You may have seen a news article about a recent study by the World Bank that found, among other things, that Eastern Orthodox Christians, as opposed to Protestants and Roman Catholics, tend to report lower levels of happiness and life satisfaction. The authors of that study point to differences in theology, history, and beliefs about economics that may be connected to these findings.
I am not writing to do a “take-down” of the whole study. Now that doctoral school is winding down for me, I am suddenly a little disinterested in debating research methodologies. I also don’t think the study is garbage. As studies go, it’s fine.
I do want to explore the whole idea of a connection between happiness and religious beliefs. Should we expect a connection?
My research mentor and good friend, Dr. Michael Nielsen, wrote a brief summary on the state of the research a few years ago on his famous Psyc of Religion page.
As a therapist, one would think that my primary goal for my clients is happiness. When I ask my clients in our first session, “What goals do you have for counseling?” many of them simply say, “I just want to be happy.”
To which I always ask, “What does it mean, to you, to be happy?”
That’s when things get interesting. In general, people have a hard time being specific about what they mean by a “happy life.” Sometimes my question is regarded as confusing or surprising.
Sometimes, I push a little harder: “And why do you want to be happy? What would you be able to do that you aren’t able to do now?”
People find this easier to answer. “I’d connect with people more. I’d help others instead of just being wrapped up in myself all the time. I’d do better in school. I’d forgive the people who have hurt me. I’d accept myself.”
“What if we just started working on those things now, instead of waiting for happiness to come along? What if it isn’t happiness you’re really searching for? What if you don’t actually need happiness to live the life you want?”
(Okay, I’ll level with you, the dialogue in therapy is never quite so scripted, but the concepts are there.)
The ideas of mental health, well-being, and life satisfaction, as those things are defined by psychology and modern people, are fairly new. They are measured in various ways, such as asking people about their subjective sense of pleasure, or the balance between their “positive” and “negative” emotions (e.g., the PANAS, a scale I used in my own dissertation), or their engagement in meaningful and immersive activities. In fact, there is a considerable debate among positive psychologists about what happiness even is, or whether it can be measured reliably.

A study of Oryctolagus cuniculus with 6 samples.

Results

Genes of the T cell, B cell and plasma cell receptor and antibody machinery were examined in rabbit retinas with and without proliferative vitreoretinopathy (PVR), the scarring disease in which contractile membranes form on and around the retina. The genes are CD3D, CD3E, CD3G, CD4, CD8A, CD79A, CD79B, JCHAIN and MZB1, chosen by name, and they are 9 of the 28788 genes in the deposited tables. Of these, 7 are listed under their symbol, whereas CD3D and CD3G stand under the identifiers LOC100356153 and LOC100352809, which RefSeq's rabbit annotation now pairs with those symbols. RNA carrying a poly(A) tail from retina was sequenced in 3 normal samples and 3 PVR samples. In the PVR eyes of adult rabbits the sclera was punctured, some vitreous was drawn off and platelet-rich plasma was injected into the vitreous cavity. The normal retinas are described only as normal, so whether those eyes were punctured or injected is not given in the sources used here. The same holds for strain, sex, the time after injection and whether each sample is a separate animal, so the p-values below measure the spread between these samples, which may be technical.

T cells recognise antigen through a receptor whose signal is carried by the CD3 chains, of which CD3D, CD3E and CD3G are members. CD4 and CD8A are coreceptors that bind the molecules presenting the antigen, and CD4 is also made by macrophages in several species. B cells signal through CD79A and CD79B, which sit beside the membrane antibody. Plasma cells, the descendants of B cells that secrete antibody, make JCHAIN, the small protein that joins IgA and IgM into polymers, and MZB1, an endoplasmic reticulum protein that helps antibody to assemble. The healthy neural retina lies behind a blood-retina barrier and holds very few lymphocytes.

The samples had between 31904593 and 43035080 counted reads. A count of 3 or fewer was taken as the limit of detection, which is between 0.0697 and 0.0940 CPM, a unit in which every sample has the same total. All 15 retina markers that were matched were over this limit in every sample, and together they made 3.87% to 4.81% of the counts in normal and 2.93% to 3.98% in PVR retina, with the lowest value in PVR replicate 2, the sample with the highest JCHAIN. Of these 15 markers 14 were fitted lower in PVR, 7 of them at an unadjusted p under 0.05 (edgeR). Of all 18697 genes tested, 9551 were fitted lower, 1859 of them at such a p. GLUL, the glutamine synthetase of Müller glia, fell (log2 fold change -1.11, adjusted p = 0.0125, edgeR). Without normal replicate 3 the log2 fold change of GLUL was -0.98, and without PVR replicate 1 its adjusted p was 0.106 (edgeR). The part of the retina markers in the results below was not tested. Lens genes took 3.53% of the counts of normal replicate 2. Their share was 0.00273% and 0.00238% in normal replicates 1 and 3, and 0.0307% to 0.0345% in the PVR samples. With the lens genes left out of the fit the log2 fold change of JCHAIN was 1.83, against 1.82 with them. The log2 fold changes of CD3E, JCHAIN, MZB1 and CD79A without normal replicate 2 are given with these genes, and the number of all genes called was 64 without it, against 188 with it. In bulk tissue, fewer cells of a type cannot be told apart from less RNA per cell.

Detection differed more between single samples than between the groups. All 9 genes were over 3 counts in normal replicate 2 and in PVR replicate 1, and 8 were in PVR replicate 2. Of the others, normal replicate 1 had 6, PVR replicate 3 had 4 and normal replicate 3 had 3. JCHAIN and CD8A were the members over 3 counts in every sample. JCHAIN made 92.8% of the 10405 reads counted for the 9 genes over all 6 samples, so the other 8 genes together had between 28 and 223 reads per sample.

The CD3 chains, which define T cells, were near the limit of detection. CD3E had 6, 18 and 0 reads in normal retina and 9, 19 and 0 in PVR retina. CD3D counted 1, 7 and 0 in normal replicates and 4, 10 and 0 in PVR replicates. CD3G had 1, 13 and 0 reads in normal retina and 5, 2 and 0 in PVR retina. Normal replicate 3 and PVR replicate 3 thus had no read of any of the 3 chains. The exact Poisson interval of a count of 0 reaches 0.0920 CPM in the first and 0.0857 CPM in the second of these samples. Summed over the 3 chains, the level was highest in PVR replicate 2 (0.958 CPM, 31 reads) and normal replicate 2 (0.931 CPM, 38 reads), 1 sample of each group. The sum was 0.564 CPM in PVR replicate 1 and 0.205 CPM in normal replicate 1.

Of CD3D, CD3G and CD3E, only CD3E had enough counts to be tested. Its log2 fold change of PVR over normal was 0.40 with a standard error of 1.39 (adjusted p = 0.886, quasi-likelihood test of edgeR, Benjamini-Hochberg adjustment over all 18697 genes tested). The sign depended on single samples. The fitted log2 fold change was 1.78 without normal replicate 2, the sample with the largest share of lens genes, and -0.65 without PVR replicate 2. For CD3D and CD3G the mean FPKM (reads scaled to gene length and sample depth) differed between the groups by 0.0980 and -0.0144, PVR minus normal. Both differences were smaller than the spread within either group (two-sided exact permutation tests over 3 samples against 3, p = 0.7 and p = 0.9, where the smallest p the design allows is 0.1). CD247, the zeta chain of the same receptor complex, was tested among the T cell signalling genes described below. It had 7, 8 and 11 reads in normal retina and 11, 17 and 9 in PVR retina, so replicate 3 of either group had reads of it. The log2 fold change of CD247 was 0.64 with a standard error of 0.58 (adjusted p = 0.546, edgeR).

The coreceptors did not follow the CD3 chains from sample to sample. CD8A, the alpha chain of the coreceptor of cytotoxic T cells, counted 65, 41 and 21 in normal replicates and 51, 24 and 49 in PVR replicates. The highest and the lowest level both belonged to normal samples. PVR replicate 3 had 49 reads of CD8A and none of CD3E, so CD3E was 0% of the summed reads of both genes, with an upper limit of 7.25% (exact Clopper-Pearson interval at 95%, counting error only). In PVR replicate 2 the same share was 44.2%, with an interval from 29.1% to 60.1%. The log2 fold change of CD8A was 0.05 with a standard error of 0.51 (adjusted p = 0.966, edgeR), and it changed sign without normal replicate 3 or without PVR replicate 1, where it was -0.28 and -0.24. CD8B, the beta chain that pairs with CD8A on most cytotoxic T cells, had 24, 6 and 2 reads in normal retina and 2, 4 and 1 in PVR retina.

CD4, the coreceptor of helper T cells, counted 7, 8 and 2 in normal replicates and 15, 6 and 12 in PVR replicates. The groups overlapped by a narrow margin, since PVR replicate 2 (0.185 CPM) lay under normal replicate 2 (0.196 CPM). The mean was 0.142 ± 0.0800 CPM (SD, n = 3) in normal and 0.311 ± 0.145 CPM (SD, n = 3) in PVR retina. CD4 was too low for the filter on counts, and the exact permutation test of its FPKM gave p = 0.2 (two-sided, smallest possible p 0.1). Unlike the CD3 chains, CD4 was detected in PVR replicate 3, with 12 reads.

So even though “happiness” has become the stated pursuit of modern people, and the metric against which decisions are made and validated (“If it makes you happy…”), I am not sure we are all talking about the same thing.
Not only is happiness hard to define, I am not always sure it is what people really, ultimately want. When people are faced with the choice of getting pleasurable feelings, or doing something worthwhile that gives their life meaning, they very frequently choose the latter, even if it costs them a little mental health in the process. For instance, anyone who has taken care of a newborn baby knows that you lose your mind a bit, due to sleep deprivation, crying, social isolation, etc. The choice to keep taking care of that little “bundle of joy” has more to do with values than happiness. I sometimes call myself a “values-based therapist,” because it seems to me that many clients are ultimately guided and shaped by their values, not the simple pursuit of pleasurable emotions.
To bring this back to the original study, I think I can safely say that religions such as Christianity were certainly not invented to help people have more happiness.
In fact, many early Christians suffered immensely because of their faith. In many ways, a call to the Christian faith was the beginning of a downward slide of happiness culminating in a painful death. Orthodox churches are filled with icons – spiritual images – of many of these early saints. These people seemed to be grasping at something different than pleasure – I’d say something beyond or even more fundamental.
As such, while I think it’s interesting to find correlations between a certain religion and various psychological metrics like happiness (however that is defined), I think it’s unfair to measure religion by its ability to make people happier (or “bring families together,” or increase economic productivity, or improve charitable giving). It would be like measuring poetry by its ability to saw a 2×4 out of a pine log. It wasn’t invented to do that.
So, maybe it’s true that Eastern Orthodoxy negatively effects happiness, as it is defined in this study, and Protestantism boosts happiness. It may also be very beyond the point of either religion.